We took the Lemurs Live basic tour, which started with an introductory presentation and video at the visitors center. It was both cute and educational, and we learned a lot of neat lemur facts.
After the intro, we got to visit the lemur enclosures. Our tour started in the nocturnal building, where they have the lemurs on a swapped schedule to think it's night during the day, which not only makes for better viewing for visitors, but makes it a lot easier for the caretakers.
Sadly, photos were tough in the low lighting, and I didn't get a single one that wasn't blurry. This is an aye-aye though, the ones with the crazy long middle fingers that they use to pull bugs out of holes in trees.
The Coquerel's sifaka were in the inside section of their enclosures, and again, hard to photograph, this time due to the reflection on the glass.
Yes, we all had bare legs. It was in the high 70s just days before Christmas, a big change from the current polar vortex temps we have now!
Around the corner we found other lemurs in the outside enclosures. This was Presley, a Blue-eyed Black Lemur, and such a cutie!
All of the enclosures had lots of tree branches and things for them to perch on or swing from, even though they only spend about half of their time here. The other half of the time they're out roaming in the many-acre open space, however some species don't get along with each other, so they have to rotate who gets run of the open space throughout the day.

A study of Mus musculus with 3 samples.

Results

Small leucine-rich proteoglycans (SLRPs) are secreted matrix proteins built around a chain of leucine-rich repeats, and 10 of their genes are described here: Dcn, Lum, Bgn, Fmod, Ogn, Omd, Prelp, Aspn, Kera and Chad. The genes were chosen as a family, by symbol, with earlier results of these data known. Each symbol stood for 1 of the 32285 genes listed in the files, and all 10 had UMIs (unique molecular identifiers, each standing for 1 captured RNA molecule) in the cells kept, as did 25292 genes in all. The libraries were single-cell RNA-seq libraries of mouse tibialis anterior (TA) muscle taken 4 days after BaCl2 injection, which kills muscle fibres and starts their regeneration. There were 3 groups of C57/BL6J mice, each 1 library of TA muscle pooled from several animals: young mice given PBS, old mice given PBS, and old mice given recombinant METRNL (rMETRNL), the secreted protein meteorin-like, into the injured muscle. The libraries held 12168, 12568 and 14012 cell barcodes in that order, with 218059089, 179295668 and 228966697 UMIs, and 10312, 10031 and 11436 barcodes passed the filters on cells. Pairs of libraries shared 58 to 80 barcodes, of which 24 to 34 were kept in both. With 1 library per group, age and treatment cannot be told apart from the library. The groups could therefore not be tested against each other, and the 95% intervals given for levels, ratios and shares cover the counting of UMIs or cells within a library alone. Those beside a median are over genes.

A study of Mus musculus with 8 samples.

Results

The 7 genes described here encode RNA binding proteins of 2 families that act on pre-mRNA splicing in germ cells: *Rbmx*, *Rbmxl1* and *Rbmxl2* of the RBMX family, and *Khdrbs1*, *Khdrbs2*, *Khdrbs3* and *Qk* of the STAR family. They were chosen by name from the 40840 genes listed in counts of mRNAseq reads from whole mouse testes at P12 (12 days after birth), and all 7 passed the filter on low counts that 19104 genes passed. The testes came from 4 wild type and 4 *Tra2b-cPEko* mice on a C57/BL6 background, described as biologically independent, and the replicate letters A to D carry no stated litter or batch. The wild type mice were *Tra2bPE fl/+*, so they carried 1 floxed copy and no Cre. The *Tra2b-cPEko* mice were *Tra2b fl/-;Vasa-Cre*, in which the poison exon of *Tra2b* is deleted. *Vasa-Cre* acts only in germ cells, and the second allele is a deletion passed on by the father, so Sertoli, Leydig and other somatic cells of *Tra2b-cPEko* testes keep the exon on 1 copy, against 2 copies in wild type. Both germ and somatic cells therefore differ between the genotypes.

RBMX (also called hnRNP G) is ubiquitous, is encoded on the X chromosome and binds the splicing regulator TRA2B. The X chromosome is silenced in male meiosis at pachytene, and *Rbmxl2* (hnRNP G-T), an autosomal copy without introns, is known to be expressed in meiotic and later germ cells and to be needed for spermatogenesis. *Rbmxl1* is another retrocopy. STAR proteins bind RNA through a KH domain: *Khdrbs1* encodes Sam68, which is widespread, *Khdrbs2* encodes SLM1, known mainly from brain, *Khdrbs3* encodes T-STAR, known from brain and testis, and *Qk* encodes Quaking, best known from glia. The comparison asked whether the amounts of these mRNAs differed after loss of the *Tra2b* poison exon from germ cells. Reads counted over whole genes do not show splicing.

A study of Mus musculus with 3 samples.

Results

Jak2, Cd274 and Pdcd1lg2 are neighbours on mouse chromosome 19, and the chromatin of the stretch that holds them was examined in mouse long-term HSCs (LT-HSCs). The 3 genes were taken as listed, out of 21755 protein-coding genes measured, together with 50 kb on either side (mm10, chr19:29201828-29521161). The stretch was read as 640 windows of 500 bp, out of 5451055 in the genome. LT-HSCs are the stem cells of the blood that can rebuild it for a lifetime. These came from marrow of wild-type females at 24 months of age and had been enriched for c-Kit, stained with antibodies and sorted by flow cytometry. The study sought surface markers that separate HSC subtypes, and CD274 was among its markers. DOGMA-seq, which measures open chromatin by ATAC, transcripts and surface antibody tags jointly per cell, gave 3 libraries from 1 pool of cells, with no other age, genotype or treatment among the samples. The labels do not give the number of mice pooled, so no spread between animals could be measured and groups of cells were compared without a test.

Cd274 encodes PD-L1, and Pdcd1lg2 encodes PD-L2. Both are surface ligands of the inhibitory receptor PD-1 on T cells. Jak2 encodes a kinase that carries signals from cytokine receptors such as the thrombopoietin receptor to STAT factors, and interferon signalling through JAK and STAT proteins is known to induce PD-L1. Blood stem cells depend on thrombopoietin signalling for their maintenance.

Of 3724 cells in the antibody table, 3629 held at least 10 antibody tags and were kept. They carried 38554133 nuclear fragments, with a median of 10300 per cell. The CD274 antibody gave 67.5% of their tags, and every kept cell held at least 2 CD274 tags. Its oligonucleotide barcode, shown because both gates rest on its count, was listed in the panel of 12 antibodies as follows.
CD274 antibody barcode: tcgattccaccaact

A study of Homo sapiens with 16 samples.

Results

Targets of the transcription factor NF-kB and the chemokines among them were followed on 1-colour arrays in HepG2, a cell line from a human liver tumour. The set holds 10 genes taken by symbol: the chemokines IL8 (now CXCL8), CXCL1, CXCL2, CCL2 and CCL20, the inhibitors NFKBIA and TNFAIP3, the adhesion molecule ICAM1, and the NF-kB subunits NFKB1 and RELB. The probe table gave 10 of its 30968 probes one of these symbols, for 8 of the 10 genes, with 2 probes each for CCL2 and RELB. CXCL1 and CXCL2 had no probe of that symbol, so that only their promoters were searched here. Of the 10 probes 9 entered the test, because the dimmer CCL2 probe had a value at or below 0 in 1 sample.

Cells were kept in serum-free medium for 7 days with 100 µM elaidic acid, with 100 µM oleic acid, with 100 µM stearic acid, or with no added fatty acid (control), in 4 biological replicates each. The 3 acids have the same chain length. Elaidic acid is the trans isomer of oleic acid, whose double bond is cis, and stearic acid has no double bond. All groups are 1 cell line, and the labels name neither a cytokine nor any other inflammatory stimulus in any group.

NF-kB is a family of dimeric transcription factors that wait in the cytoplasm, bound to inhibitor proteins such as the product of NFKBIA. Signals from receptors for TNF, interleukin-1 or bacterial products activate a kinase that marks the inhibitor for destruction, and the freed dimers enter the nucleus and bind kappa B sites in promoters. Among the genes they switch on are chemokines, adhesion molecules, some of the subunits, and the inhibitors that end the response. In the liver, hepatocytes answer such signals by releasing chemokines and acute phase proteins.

Photographing through the fencing was not easy though. I'd love to take their Walking with Lemurs tour sometime in the summer, where you get to go out in their open habitat, without fencing between you and the lemurs.
This guy's name was Seker, a Crowned Lemur. Although I think 'crazy eyes' might have been a better name!
The Black and White Ruffled Lemurs looked like little pointy faced pandas. I bet they're really soft, although all of the lemurs were quite stinky. Just another reason why they don't make good pets (you know, aside from the whole biting and being endangered thing). So pretty to look at though!
On the tour we got to see a bunch of different species of lemurs, and learn a bit about each one along the way, as well as ask questions. It would be a great tour for all ages, and a lot better than a traditional "zoo" experience, in my opinion.
Presley again, on the way back. Loved this little guy!
Of course, the majority of my photos really looked like this. Lots of tail and butt shots, haha!
On top of the fencing getting in my way, most of the lemurs were quite active, making it hard to get a clear shot.
I wish I could have been in the open space with these cuties, but hopefully I'll get to visit again in the summer or fall when they are running the more photography-friendly tours.
Anyone else been trying to photograph animals lately? And aren't fences such a pain to shoot through?